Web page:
6. Convolutional Neural Networks

In several of our previous examples, we have already come up against image data, which consist of pixels arranged in a 2D grid. Depending on whether we are looking at a black and white or color image, we might have either one or multiple numerical values correspnding to each pixel location. Until now, we have dealt with this rich structure in the least satisfying possible way. We simply threw away this spatial structure by flattening each image into a 1D vector, and fed it into a fully-connected network. These networks are invariant to the order of their inputs. We will get qualitatively identical results out of a multilayer perceptron whether we preserve the original order of our features or if we permute the columns of our design matrix before learning the parameters. Ideally, we would find a way to leverage our prior knowledge that nearby pixels are more related to each other.

In this chapter, we introduce convolutional neural networks (CNNs), a powerful family of neural networks that were designed for precisely this purpose. CNN-based network architecures now dominate the field of computer vision to such an extent that hardly anyone these days would develop a commerical application or enter a competition related to image recognition, object detection, or semantic segmentation, without basing their approach on them.

Modern ‘convnets’, as they are often called owe their design to inspirations from biology, group theory, and a healthy dose of experimental tinkering. In addition to their strong predictive performance, convolutional neural networks tend to be computationally efficient, both because they tend to require fewer parameters than dense architectures and also because convolutions are easy to parralelize across GPU cores. As a result, researchers have sought to apply convnets whenever possible, and increasingly they have emerged as credible competitors even on tasks with 1D sequence structure, such as audio, text, and time series analysis, where recurrent neural networks (introduced in the next chapter) are conventionally used. Some clever adaptations of CNNs have also brought them to bear on graph-structured data and in recommender systems.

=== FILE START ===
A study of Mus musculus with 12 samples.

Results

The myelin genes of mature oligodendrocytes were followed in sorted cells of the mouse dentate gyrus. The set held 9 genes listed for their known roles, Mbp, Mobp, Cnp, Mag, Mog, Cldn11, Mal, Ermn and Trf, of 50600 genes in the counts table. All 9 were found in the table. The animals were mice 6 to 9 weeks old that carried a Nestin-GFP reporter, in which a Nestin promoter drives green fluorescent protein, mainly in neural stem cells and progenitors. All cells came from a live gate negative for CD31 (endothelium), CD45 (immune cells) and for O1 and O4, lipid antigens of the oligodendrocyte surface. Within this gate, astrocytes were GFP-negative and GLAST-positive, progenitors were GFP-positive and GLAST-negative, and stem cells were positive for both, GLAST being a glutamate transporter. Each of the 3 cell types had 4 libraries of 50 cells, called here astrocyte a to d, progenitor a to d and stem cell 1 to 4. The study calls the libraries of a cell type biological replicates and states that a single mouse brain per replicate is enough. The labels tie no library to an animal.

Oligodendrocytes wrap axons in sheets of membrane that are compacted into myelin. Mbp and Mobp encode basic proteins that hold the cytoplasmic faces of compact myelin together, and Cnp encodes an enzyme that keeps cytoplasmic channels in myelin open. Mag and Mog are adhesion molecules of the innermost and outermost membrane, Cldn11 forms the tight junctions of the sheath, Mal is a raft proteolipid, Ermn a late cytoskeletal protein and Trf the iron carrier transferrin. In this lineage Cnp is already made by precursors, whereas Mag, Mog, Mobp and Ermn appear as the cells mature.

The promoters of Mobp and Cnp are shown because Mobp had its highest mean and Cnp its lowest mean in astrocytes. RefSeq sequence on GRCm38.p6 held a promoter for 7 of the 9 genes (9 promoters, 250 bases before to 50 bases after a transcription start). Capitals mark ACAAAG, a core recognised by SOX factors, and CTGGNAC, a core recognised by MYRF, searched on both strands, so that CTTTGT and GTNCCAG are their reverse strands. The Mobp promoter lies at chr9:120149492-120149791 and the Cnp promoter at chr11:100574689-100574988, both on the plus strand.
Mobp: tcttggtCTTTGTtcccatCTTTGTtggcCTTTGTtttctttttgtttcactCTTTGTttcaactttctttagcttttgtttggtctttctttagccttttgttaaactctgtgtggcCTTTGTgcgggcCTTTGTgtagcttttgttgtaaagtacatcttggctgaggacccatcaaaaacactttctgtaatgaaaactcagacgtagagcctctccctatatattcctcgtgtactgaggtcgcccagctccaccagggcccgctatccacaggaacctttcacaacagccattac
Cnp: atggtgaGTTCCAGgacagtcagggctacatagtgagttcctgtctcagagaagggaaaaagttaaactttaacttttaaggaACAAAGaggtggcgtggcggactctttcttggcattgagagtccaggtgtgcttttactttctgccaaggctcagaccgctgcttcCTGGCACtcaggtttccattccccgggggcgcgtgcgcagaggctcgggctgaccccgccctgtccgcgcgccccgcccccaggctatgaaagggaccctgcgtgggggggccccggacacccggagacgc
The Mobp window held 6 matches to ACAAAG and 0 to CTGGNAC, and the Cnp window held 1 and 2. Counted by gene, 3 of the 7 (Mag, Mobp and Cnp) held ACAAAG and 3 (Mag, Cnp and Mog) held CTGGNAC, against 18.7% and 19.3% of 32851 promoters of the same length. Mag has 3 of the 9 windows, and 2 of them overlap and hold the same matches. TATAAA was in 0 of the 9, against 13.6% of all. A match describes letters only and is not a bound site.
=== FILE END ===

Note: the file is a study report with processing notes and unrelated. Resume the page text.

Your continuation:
First, we will walk through the basic operationgs that comprise the backbone of all modern convolutional networks. These include the convolutional layers themselves, nitty-gritty details including padding and stride, the pooling layers used to aggregate information across adjacent spatial regions, the use of multiple channels (also called filters) at each layer, and a careful discussion of the structure of modern architectures. We will conclude the chapter with a full working example of LeNet, the first convolutional network successfully deployed, long before the rise of modern deep learning. In the next chapter we will dive into full implementations of some of the recent popular neural networks whose designs are representative of most of the techniques commonly used to design modern convolutional neural networks.